Mindfulness could be the cure for chocolate addiction, study claims
The addictive qualities of chocolate are well-known - it’s not just in your head but actually scientifically-proven.
But if you’re trying to wean yourself off the delicious, velvety, warming, sweet stuff, a new study may offer some hope.
According to research by Flinders University School of Psychology in Australia, mindfulness could hold the key to curbing your chocolate cravings.
Yes, the buzzword of the past few years apparently has yet another use.
The study was based on examining what’s known as the “elaborated-intrusion theory of desire.”
What this boils down to is a two-step process which explains why we desire food.
First comes the “initial intrusion” stage, which is where the food captures our attention (often caused by environmental cues like pictures). This is followed by the “elaborated mental imagery” stage, where we focus on and obsess over it (where vivid imagery of the craving becomes persistent).
The researchers sought to find out whether mindfulness could help combat both parts of the process.
They tested two groups of women - one set who were all huge chocolate fans but wanted to cut down on their consumption, and the other who claimed they weren’t too fussed about chocolate (although we’re somewhat suspicious such people exist).
The participants were randomly divided up and asked to try one of two mindfulness techniques:
Cognitive defusion - this method is meant to tackle the first stage of the craving or when the thought of chocolate first pops into your head. The trick is to immediately distance yourself from the craving and “see it as something which doesn’t necessarily have to be followed by action,” the researchers say.
Guided imagery - this targets the second stage of a craving. Once you start imagining the feel, smell and taste of chocolate, you have to replace it with another image such as a serene forest or lonely beach.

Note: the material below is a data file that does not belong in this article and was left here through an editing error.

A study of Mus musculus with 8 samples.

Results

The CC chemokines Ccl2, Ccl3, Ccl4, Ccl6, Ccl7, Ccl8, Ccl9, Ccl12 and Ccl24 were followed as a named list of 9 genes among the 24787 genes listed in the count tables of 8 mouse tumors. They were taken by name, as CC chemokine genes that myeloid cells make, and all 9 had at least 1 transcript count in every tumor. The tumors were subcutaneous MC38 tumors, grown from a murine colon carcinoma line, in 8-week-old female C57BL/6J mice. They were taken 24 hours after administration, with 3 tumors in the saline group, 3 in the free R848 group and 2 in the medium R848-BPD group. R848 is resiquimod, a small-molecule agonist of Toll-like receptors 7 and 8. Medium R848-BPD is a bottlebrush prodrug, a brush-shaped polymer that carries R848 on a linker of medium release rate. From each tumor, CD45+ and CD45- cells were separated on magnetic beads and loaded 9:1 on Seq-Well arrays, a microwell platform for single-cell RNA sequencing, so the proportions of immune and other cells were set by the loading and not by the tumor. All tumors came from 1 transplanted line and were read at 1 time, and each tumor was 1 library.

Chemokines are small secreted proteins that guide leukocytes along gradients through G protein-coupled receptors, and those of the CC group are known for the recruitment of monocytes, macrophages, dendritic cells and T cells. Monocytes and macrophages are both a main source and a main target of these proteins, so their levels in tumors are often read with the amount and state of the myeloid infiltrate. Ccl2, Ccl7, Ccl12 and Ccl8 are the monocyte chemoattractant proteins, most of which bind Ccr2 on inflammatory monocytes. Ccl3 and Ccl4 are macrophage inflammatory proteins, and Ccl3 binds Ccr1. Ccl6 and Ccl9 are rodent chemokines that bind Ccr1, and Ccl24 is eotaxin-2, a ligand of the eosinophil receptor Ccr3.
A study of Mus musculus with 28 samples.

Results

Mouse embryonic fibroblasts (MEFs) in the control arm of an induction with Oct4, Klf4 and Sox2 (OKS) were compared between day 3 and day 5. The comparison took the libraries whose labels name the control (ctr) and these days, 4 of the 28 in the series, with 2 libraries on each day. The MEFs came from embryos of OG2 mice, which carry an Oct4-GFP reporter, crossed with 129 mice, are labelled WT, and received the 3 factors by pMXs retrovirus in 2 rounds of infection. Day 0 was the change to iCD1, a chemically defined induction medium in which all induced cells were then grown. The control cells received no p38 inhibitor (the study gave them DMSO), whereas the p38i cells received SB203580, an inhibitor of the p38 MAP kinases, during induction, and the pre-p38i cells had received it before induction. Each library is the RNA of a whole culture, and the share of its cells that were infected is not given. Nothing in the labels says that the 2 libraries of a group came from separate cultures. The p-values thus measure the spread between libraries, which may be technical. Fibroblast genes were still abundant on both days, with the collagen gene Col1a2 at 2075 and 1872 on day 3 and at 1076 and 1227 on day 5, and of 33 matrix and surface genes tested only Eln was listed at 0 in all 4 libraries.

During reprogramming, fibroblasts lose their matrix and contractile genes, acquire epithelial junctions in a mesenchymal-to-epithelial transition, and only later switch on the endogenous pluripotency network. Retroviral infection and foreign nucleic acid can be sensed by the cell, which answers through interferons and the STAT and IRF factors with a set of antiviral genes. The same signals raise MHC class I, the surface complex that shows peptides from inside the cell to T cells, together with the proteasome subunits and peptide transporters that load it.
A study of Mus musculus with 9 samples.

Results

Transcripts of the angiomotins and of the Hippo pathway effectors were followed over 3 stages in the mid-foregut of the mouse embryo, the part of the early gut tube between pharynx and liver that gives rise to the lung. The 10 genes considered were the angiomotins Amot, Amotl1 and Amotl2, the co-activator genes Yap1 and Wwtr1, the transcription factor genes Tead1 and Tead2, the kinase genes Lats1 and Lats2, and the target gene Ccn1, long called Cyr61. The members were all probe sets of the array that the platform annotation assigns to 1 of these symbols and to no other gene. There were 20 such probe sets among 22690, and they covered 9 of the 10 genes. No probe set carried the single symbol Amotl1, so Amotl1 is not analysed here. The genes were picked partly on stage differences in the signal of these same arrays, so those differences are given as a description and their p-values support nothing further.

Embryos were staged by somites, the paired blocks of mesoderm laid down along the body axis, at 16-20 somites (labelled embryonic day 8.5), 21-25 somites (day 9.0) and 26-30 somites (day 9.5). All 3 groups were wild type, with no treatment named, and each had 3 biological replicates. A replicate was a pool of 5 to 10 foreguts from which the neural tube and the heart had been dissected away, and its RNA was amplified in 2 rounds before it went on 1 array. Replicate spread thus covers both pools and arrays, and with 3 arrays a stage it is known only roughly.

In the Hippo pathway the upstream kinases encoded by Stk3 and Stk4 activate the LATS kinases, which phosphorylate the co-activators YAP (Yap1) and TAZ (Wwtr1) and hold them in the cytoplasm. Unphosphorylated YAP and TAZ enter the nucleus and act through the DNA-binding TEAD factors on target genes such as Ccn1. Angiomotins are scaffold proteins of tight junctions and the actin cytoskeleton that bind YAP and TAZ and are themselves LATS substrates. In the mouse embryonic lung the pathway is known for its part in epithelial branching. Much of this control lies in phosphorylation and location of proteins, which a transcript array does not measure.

Anyone who truly loves chocolate will no doubt think that sounds easier said than done.
The scientists measured the women’s thoughts about chocolate, how intrusive those thoughts were, how vivid the imagery in their minds was, the craving intensity and how much they ultimately ate.
They found that cognitive defusion lowered the intrusiveness of chocolate-related thoughts, vividness of imagery and craving intensity for both groups of women
Interestingly, the guided imagery technique only worked on the chocolate-lovers, who had reduced chocolate-related thoughts, intrusiveness, vividness and craving intensity,
The researchers believe the findings could be useful for anyone trying to combat problematic cravings.
“If we tackle the issue when it first pops up in your mind – particularly if you are not hungry – then it’s much easier than waiting for those cravings to gather force,” lead researcher Sophie Schumacher said.
“Learn to nip off these cravings at the bud – by giving yourself a constructive distraction such as imaging a walk in a forest – can help to lower the intrusiveness of the thoughts and vividness of the imagery.
“We found it was important to target the initial craving thoughts before they become full-blown cravings.”
During the time it took me to write this article, I managed to munch my way through a handful of mini chocolate eggs, a truffle or two and a nibble of an Easter egg. It may be time to get mindful.